Inherited: One Child(8)

By: Day Leclaire

She nodded. “I thought you might.” Her brilliant smile transformed her appearance once again. “When would you like me to start?”

In the distance, a shriek of anger penetrated the walls. Jack released an exhausted sigh. “Is now too soon?”

“That depends.”

He regarded her warily. “On what?”

“Before I give you my answer, I’d like to get the opinion of one of the top businessmen in the country.” She slanted him a teasing glance. “Would this be a good time to ask for a raise?”

Nothing about the events of today were funny, and yet he found himself grinning, anyway. “I’m sorry to say that now would be an excellent time.” He waved her back toward the chair in front of his desk. “Why don’t you make yourself comfortable while we discuss an early-start bonus.”


Mary opened the door to Jack’s office and regarded him with sympathetic eyes. “Ms. Stefano has asked to see you,” his assistant informed him. “Sorry, boss.”

He checked his watch. His brand-new nanny-slash-prospective-wife-to-be had lasted all of thirty minutes. He’d hoped for longer, but he was a realistic man. Isabella had driven away the best of the best. What chance did someone with Annalise’s lack of experience stand?

“Does she have Isabella with her?”

“No. She requested that the babysitter stay. He’s keeping an eye on your niece for the moment.”

Jack sighed. “Send her in.”

Annalise appeared a moment later, entering with that loose, hip-swing stride he found so attractive. More curls had escaped the tidy knot, bubbling down her back and around her face in gay abandon. Her startling eyes, now a darker shade of honey-gold, were tarnished with concern.

“Mr. Mason—”

“Might as well make it Jack.”

She nodded impatiently. “This isn’t working, Jack.”

“I have to admit. You disappoint me.” He leaned back in his chair and drummed his fingers against the leather armrest. “You also win the prize for shortest nanny on record.”

She froze, blinking her long sooty lashes at him. “Shortest—” Her breath exploded in a short laugh. “No, you don’t understand. I’m not quitting. I’d like to get Isabella out of here. We need to work together one-on-one away from your office. If we’re going to establish a routine, we should do that right from the start.” She lifted an eyebrow. “Unless you intend for us to come in and disrupt your work every day?”

“Of course not.” He checked his watch and frowned. “I was planning to take you home at lunchtime.”

Annalise shook her head. “That won’t work. There’s too much going on here, too much excitement. It’s getting Isabella riled up. We should leave now, and then I need you to sit quietly with her for a time and explain who and what I am. It would help with the transition.”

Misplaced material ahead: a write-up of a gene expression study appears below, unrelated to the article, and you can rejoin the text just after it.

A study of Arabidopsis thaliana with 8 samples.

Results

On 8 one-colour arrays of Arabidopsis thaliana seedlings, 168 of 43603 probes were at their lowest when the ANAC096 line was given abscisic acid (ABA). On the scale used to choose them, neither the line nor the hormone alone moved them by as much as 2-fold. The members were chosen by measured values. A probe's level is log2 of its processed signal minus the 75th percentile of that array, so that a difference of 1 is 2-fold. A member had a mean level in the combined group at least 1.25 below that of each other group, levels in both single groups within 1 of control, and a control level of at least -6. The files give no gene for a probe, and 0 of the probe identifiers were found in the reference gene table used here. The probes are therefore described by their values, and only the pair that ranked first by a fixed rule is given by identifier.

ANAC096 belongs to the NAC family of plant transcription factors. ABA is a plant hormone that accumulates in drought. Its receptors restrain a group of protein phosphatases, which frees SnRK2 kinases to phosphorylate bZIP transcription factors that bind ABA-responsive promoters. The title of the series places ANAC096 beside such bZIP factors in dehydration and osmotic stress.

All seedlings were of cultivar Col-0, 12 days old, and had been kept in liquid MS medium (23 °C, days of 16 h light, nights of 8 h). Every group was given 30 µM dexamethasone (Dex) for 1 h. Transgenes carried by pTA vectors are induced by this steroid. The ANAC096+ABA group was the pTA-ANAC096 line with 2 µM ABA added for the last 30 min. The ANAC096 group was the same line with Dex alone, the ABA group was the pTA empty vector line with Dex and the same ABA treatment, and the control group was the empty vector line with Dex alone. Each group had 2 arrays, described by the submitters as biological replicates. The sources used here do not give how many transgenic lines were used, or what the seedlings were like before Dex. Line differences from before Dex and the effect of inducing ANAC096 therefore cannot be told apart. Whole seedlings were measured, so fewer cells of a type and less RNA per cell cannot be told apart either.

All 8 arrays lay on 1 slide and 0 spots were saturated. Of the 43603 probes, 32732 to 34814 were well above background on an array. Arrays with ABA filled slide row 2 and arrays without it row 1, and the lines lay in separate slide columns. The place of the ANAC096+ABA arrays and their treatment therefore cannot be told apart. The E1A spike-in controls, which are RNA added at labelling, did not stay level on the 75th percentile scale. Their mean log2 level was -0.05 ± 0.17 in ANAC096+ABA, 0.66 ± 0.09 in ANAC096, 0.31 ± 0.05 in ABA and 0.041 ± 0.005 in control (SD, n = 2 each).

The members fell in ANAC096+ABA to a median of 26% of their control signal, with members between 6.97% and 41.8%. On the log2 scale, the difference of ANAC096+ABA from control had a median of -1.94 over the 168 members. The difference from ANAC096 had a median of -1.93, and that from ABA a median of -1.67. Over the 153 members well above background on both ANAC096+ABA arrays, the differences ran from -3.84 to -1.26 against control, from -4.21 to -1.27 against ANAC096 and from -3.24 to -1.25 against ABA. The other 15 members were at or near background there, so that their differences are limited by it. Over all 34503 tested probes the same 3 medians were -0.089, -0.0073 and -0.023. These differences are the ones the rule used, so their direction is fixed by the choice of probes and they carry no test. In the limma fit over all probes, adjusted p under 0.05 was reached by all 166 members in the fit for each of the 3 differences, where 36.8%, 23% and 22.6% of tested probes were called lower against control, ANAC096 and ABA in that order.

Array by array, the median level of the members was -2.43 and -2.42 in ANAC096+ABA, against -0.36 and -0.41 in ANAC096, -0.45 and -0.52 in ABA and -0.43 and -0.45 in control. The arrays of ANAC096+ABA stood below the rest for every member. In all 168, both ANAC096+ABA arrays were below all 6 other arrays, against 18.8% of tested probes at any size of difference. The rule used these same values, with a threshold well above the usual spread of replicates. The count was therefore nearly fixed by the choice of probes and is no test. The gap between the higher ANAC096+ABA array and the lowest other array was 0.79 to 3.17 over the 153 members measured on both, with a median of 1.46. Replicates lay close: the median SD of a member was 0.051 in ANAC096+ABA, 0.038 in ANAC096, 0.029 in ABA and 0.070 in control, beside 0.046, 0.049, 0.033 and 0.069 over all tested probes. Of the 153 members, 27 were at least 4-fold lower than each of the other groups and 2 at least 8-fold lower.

Jack frowned. “You haven’t already done that?”

He caught her unexpected flash of temper before she reined it in. “You’re her uncle, which makes you the authority figure,” she explained. “Isabella needs you to organize her world and then set the boundaries for that world. At school—even at day care—children learn very quickly that the teacher is in charge of them and the classroom, but that the principal oversees the entire school and is the ultimate authority figure. If you’re putting me in charge—as the teacher—you, as the principal, have to be the one to explain the rules so she knows that you back me up and that she’ll be sent to the principal’s office if she doesn’t behave appropriately toward the teacher.”

“Fine. I can take care of that right now.”

Annalise shook her head. “There are too many distractions here. It’s better to do it in the setting where we’re going to spend most of our time.”

“I have a full schedule today.”

Her mouth took on a stubborn slant. “No, right now you have a family obligation that takes precedence over your full schedule.”

“Damn it.” He allowed himself an entire ten seconds to stew. “You’re right, of course. I don’t like that you’re right. But, Isabella comes first.”

She didn’t attempt to disguise her relief. “You have no idea how happy I am to hear you say that.”

“Go pack her up. Tell the sitter he can leave. I’m sure he’ll be only too happy to run for the nearest exit.” He lifted an eyebrow. “You sure you don’t want to join him?”

Stark emotion shifted through her gaze, rousing his curiosity. For some reason his niece had made quite an impact on Annalise. He’d seen that look in others when they’d seized on a project or an idea that touched them in some way. In just the short time since he’d hired his new nanny, she’d bonded with Isabella and would do whatever necessary to make certain the relationship worked.